What @Tarahyumaro just said sums it up perfectly… A lot of people assume that trading is just piles and piles of easy money, but it’s a SIGNIFICANT amount of work in order to keep a shop stocked, update prices, and keep it in the public consciousness. This is the exact reason why I don’t trade at all in Boundless–because I know that I don’t currently have the will or the level of interest to keep it going.
If you’re worried about whether this will help or hurt Omni… don’t. Omni posts daily updates of his price listings. Omni runs promotions. Omni restocks dozens of coin baskets. Omni collaborates with people on constructing and running his new store. The ONLY person who can truly make or break Omni in this game is Omni himself.
And @Sulfurblade, your backpedaling to the issue of API’s doesn’t leave you on any more solid ground than the rest of your arguments. The thing that you’re complaining about, that an API would bring to the table here and allegedly ruin this program? That has always been a part of EVE–it’s called the Market Tab. Any consumer has always been able to pull up their Regional Market info and sort every item for sale in the game by price… station… quantity… number of jumps from their current location… contract expiration date…
Those third-party sites don’t serve 99% of consumers–they’re primarily used by traders who haul between stations which are so many jumps apart that no consumer would want to make the trip; the major difference between them and the in-game Market Tab is that they allow someone to compare prices between regions, across vast distances that represent anywhere from 30 minutes to an hour or more of real-world travel time.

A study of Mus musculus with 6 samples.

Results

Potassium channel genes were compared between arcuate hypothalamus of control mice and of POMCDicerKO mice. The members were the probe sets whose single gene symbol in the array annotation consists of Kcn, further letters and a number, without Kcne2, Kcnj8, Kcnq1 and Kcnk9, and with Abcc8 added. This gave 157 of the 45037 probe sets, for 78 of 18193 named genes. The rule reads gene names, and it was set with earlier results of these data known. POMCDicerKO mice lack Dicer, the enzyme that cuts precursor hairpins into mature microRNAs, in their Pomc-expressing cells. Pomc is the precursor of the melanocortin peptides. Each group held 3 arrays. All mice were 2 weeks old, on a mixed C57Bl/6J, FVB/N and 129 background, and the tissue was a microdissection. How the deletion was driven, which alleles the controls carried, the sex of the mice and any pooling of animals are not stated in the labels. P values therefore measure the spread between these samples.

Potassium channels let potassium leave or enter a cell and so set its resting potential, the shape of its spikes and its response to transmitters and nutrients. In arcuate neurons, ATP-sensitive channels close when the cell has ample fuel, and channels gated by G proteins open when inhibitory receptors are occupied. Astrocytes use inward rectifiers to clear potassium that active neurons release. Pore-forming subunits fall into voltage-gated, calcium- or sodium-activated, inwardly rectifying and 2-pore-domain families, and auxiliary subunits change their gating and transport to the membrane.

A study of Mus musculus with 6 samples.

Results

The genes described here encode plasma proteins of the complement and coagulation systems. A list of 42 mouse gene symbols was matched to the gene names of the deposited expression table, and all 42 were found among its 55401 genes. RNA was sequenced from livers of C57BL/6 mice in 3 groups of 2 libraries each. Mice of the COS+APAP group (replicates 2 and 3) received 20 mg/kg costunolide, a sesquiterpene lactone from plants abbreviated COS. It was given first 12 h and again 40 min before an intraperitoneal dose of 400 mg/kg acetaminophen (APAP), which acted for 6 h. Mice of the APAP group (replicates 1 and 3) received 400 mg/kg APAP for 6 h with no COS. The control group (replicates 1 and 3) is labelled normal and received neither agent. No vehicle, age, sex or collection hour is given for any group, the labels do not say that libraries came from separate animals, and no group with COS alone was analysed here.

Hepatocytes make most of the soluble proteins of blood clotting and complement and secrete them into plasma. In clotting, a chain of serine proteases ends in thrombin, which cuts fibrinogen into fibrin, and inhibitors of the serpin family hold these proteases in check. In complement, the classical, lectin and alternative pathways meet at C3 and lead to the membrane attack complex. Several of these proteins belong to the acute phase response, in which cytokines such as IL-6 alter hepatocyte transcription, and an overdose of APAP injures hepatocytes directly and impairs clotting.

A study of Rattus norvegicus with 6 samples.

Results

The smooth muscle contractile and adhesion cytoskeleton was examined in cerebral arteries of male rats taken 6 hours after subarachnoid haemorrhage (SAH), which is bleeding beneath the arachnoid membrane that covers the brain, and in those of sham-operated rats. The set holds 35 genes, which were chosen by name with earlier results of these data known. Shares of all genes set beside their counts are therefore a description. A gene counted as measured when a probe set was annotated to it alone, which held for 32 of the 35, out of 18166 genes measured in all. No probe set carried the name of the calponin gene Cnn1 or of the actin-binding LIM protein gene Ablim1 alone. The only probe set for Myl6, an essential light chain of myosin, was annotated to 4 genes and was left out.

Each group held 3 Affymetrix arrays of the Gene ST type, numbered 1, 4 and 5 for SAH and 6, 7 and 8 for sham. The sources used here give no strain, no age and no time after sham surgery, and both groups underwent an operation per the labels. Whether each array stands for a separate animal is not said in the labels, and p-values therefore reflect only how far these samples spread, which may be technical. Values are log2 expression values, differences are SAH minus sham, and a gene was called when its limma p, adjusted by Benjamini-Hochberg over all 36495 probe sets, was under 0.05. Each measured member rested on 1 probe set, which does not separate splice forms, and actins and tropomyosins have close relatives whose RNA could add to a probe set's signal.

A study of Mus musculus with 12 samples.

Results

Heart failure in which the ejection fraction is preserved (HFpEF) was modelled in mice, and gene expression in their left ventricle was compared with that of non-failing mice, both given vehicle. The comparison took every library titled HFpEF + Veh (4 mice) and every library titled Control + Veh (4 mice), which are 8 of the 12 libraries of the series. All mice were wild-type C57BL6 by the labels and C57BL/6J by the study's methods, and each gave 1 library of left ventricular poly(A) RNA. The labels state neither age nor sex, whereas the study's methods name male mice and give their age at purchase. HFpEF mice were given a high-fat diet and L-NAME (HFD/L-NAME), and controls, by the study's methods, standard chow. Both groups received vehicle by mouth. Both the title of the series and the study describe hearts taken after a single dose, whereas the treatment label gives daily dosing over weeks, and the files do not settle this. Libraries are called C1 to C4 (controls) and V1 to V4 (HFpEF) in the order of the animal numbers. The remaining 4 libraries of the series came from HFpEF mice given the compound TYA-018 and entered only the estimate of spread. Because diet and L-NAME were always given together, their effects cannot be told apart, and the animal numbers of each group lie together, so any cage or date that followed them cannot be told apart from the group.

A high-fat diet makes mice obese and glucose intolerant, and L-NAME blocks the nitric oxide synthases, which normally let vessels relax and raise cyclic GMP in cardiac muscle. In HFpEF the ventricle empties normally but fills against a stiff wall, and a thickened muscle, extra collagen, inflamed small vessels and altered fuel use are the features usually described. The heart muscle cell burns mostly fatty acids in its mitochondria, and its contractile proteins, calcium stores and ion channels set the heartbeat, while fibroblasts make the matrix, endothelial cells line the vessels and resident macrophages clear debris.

And the actual effect of all of that hauling, as opposed to what you seem to imagine, is that it creates greater price stability throughout the game. When there’s a major discrepancy in the price of a given item between regions, someone notices, and they buy that item at the very low price in one region, and they haul it to sell at the much higher price in the next region. This simultaneously decreases supply in the area where prices were too low, and increases it where they were too high… and demand (and thus local pricing) shifts (and balances) as a result.
That kind of trading hurts… absolutely no one. The seller in one location already agreed to that price, and the buyers in the other location were already looking at their prices as well. Everyone consented to everything, and the only thing it did was create new jobs by giving the haulers a way to make a living.
I’m pretty sure that what ruined your enjoyment of EVE was your inaccurate perception of what was going on around you.